No Knead Wheat Bread

I try to make bread for Joe and I as often as we can. Bread at the supermarket these days is pretty flavorless and has a lot of strange additives that aren’t needed. So it’s sort of nice to have something that’s not only super flavorful and with controlled ingredients, but fresh too!

There are two basic ways to make bread: knead and no-knead. We’re all familiar with kneading, but what is no-knead? No knead is a pretty cool technique that requires just a tiny bit of yeast, few ingredients, and time. All you really have to do is mix the dough, let it sit 12-18 hours, do a 2nd rise, and bake! I learned the technique from this great website called breadtopia. But up until now, I had really only tried white bread recipes with this technique. Because my goal this summer is to bake healthier, I set out to try the partial wheat recipe featured on breadtopia. It’s 1/3 wheat flour and 2/3 white bread flour.

Directions: Mix together the dry ingredients. Add the water and mix. If you have a dough whisk, this is a perfect time to use it. If you don’t, a simple wooden spoon works fine. If you buy bottled water, you should go ahead and use the bottled stuff. Mix the dough until the water is completely incorporated. Cover the bowl with plastic wrap. Leave the bowl out at room temperature for 12-18 hours.

After the initial rise, sprinkle flour on your work surface. Turn out the dough with a dough scrapper onto your work surface.  Pat down the dough into a rectangle. You’re going to fold the dough in thirds along the short axis. Then fold in half.


Cover with plastic wrap and allow to rest for 15 minutes. While it’s resting, prepare your final proofing bowl. I don’t have a proper proofing basket, so I just washed the bowl from the dough and used that again. To prepare your bowl, spray it with non-stick spray. Then sprinkle with your favorite topping. I used wheat bran. But you can also use plain flour, oats, or seeds. Just something so that your wet bread won’t stick to the bowl.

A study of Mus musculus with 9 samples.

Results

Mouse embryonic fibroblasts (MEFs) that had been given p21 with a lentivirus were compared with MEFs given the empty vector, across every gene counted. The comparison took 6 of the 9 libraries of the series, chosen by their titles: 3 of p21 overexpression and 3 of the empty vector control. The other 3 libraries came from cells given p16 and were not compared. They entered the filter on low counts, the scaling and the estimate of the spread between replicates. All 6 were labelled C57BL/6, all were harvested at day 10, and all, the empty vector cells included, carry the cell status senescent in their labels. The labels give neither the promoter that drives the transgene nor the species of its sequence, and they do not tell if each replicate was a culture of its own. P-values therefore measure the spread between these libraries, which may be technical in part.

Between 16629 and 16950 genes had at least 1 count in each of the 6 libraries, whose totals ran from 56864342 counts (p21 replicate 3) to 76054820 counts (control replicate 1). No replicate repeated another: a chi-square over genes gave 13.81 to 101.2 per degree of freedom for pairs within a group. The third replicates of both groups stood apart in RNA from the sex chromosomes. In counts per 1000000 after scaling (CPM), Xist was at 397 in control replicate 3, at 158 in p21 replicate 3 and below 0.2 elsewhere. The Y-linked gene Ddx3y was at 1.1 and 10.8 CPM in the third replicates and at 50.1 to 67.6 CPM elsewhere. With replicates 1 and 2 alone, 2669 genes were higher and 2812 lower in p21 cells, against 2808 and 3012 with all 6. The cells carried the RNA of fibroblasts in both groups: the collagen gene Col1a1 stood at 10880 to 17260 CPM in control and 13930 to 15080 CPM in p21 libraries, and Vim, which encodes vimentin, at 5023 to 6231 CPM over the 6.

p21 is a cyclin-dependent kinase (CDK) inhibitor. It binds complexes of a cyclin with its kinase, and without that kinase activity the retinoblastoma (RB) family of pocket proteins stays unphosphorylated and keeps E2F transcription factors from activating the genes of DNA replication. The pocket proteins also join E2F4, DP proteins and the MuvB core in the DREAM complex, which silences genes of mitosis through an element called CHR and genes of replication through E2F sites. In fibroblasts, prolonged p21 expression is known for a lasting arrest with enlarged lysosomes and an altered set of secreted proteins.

After the 15 minute rest, flour your hands. Pick up the dough carefully and quickly form it into a ball by circling the dough in your hands at the edges of the folds. Place the dough in your prepared bowl and cover with a tea towel. For this, the second rise, let the dough sit for 1.5 hours (1-2 hours). In the last half hour of the rise, put your cast iron dutch oven in the oven and preheat at 450°F.

When the oven and dutch oven are preheated, you’re ready to bake! Pull out the cast iron out of the oven. Gently flip the dough out into the dutch oven and cover with the lid. Bake for 30 minutes. Remove the lid and lower the temp to 400°F. Continue to bake for another 20 minutes.

Remove the bread from the dutch oven and cool on a wire rack. If it sounds hollow when you tap on the bottom of the loaf, the bread is fully baked.

Cool completely and slice with a serrated knife.

I have a lot of notes about this recipe.

  • Regarding the yeast time, you really need instant yeast to ensure you get a second rise.
  • Tap water is fluorinated and often chlorinated for our benefit (dental health and antibacterial, respectively.) However, these additives are not good for your little yeastie beasties. So if you have purified water, use it. If not, the yeast will prevail.
  • The first rise is where the magic happens. Even though you put just a tiny bit of yeast in the flour, they will start to divide and break down the complex starches in the flour. Over time, gluten will form into long strings of protein and sugars. These chains are what give your bread structure.
  • The yeast are pretty powerful, but they aren’t superheros. The optimum temperature for the slow rise is room temperature. If you know it’s going to be a hot day, you might want to put the dough in the fridge. If the yeast grow too quickly, they will eventually “peeter out,” and you won’t get a proper 2nd rise.
  • This video (the long version) is by far the best tutorial. (And you’ll also note that this is their recipe.) I just have absolutely no changes to make! I’m not a huge fan of reinventing the wheel, but I am a huge fan of spreading the word about great recipes.
  • I used 450°F instead of 500°F as the initial temperature because cast iron gets a bit hotter than a traditional la cloche. But if you have a traditional la cloche, then start at 500°F and go down to 450°F.
  • If you’re looking for whole wheat bread but don’t have any experience making whole wheat bread, I beg of you to try this recipe first. Whole wheat bread is difficult to master, even as an experienced baker. Whole wheat is harder for your little yeast friends to digest, so you can’t use the same basic recipe. But I promise I’ll post one very soon!

Enjoy with a soup or stew. Or spread with your favorite jam as a part of a healthy breakfast.